Review - Tomorrow River

Author:  Lesley Kagen
Copyright: April 29, 2010 (Dutton Adult); 342 pgs.

Series: Stand alone novel

Sensuality: Adult references

Mystery sub-genre: Suspense

Main Character:  11 year old Shenandoah (Shenny) Wilson Carmody

Setting: 1969 Shenandoah Valey Virginia

Obtained book through: Publisher for an honest review

When I received this book from the publisher the blurb got my attention and I was looking forward to reading it.  It does not dissapoint ladies and gentlemen, I will say that upfront.  When I was in school I had to read the short story "Haircut" by Ring Lardner, it was so good I remember it to this day.  This novel reminds me of that short story for how skillfully a terrible truth is slowly revealed.  If you know that short story then you will understand what I am saying.  Enough of that, on to the review.

The one year anniversary of Shenandoah and her twin, Woody's (Jane Woodrow) mothers disappearance is approaching.  The night of Evelyn Carmody's dissapearance was the last time that Woody has spoken.  Her last words were "Mama gone, Mama gone" and not another word.  Woody is the family artist and her drawings have become dark and bloody.  Woody is emotionally fragile and Shenny takes over the care of Woody since their bond as twins allows her to understand Woody when nobody else can.   Over the last year their father, a powerful judge of the area, has become increasing drunk and abusive to his girls, often locking them in the cellar overnight.  This doesn't help Woody's emotional state and Shenny decides she just has to find her mother because they can't keep going like this - Woody can't keep going.  The story that follows is spellbinding.

Where to begin?  Shenny is a character I doubt you will forget for a very long time.  This eleven year old leaps off the pages and you feel her bravado and vulnerability in the depths of your heart.  She is wise-cracking, strong, coureageous, laugh-out-loud funny and poignant.  Through her eyes you piece together what must have happened to her mother that night and yet she doesn't see it.  With each chapter another part of the drama drops in place and Shenny is too grounded in what she believes of people and circumstances whereas the reader isn't so blinded with preconceptions.

Then there is Woody, Shenny's twin who is clearly emotionally scarred from whatever she knows of that fateful night.  This character is lovingly brought to life with a very skilled touch.  Fine details in the rendering of the twins make them living and breathing people rather than paper and ink.  Details, such as how the twins have their own language and when Shenny uses their words it calms Woody, bring to life how their connection sustains them.

A supporting character that surprisingly shines through strongly is the poor boy across the river, E.J. Tittle.  E.J. is homely and not socially an equal who is completely devoted to Woody and daily is by the twins' side doing everything in his power to help them.  Shenny calls him their sidekick and he proves his worth several times and has his comic moments too.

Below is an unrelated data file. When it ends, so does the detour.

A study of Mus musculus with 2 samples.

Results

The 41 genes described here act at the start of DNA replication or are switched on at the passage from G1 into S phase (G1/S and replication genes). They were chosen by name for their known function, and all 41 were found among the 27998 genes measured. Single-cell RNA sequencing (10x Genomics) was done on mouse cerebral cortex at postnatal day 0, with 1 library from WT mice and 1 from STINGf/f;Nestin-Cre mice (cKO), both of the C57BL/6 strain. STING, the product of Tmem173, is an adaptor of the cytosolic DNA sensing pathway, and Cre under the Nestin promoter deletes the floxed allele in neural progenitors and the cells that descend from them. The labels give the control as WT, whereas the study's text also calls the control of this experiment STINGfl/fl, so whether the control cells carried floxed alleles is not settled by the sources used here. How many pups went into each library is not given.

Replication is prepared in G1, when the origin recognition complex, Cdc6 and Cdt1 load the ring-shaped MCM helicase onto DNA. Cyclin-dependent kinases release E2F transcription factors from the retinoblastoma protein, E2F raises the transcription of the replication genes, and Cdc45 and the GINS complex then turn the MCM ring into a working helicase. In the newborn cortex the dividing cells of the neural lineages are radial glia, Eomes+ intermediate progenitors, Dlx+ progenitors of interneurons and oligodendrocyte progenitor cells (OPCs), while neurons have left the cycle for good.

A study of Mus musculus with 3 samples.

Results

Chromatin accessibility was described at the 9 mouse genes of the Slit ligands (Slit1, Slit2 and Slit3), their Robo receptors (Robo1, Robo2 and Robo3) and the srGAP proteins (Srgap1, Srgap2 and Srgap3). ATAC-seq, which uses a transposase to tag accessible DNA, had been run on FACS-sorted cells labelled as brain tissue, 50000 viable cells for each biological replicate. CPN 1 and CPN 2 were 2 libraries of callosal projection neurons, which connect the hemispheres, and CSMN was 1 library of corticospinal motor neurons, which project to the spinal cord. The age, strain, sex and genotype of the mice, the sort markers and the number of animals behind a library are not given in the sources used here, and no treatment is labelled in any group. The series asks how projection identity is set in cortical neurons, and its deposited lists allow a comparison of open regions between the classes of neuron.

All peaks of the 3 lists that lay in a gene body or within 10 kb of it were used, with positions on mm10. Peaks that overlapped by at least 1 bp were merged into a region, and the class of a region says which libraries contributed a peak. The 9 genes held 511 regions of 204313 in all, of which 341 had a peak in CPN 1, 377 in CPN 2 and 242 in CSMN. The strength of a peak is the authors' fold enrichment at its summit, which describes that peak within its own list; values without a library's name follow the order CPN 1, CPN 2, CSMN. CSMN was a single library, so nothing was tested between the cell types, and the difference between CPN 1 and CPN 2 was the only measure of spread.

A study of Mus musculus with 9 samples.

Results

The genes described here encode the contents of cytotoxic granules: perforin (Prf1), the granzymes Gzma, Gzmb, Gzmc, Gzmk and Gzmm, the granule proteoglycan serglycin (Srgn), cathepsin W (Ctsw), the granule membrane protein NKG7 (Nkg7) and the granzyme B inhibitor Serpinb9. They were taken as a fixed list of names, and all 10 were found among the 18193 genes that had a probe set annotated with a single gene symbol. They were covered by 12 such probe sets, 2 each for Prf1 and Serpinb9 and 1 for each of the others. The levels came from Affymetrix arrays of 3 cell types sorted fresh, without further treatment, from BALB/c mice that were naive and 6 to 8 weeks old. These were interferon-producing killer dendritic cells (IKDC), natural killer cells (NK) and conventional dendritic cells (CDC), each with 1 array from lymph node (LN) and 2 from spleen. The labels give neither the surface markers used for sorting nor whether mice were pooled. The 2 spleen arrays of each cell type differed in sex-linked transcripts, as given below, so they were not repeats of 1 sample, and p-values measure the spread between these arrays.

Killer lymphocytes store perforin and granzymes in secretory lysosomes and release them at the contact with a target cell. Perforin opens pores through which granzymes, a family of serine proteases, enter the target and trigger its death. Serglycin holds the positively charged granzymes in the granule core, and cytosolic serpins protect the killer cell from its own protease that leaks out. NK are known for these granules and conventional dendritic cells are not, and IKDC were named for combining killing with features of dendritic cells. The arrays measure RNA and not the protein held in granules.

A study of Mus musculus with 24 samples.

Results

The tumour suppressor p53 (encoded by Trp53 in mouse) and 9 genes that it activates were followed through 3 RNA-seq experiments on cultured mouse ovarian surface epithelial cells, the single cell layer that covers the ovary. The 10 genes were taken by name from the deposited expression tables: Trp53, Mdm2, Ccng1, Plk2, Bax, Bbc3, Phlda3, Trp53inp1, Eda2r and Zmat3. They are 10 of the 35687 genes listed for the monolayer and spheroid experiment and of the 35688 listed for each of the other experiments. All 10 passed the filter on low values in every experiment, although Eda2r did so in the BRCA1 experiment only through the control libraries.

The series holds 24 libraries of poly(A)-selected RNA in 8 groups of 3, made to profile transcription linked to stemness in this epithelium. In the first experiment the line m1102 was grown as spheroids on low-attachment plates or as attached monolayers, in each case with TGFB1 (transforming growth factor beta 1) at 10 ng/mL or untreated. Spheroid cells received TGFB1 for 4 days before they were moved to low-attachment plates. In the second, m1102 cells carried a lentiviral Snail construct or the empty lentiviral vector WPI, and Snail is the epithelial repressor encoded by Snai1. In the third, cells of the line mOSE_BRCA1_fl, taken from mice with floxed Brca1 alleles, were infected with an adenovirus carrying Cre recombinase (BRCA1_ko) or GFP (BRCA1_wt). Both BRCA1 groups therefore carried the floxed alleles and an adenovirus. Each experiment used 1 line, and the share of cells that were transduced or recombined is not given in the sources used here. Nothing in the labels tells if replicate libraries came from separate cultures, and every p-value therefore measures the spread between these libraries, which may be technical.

I must mention the character of Evelyn Carmody, the twin's missing mother.  Through Shenny's bittersweet memories of her mother an idependant, liberated northerner who loves poetry and musicals haunts the pages.  To craft a character from snippets of memories is daunting but Ms. Kagen is wildly successful at it.  I adored this yankee whose free spirit came up against a heart-of-the-south community.  
She lies down so gently beside me, I have to check to make sure that she actually has.  "Don't do that.  You're givin' me the creeps," I say, trying to pry her arms apart.  She's firmly X'd them across her chest and lowered her lids.  With Mama's dusting powder covering her from head to toe, she looks exactly like one of the corpses over at Last Tidings funeral parlor that's waiting for somebody to tip the casket closed so they can be on their way.  "Look Woody," I say, getting strict with her.  "I know you're hurtin' so bad that you wish you were, but you're in fact - not dead.  Remember how I felt the same way when I got so melancholy?  You got to shake this off.  Pull yourself up by your bootstraps."  I'm trying to hold my breath so I don't smell Mama's Chantilly powder.  "I didn't make much progress today, but I'll find her, just wait and see.  It'd help a lot if you'd quit runnin' off."
I know it seems like I don't miss my mother as much as she does, but I do.  It's just that Woody is counting on me to rescue our damsel in distress, so I cannot wear my feelings on my sleeve the way she does.  I got to stay strong, armored up, but I want you to know, there is no way to describe how much I pine for our mother.  The way she presses her cool full lips down to soak the fever off my forehead.  Her cheeks smooth as the underbelly of leaves and how her honey, shoot.
The characters are rich and highly memorable.  The plot holds up it's end as well.  As the one year anniversary fast approaches, marked by the return of the carnival, events gain momentum toward an edge-of-your-seat climax and twist ending that I really didn't see coming.  I can not think of a single area that could be improved in this story.  Am I gushing?  I suspect that this novel is so good that a few decades from now it will be considered an enduring classic.  That is right, you heard it hear first!  This is my un-compensated honest opinion of this novel.  I clearly recommend Tomorrow River by Lesley Kagen.
For your convenience you can get your copy here.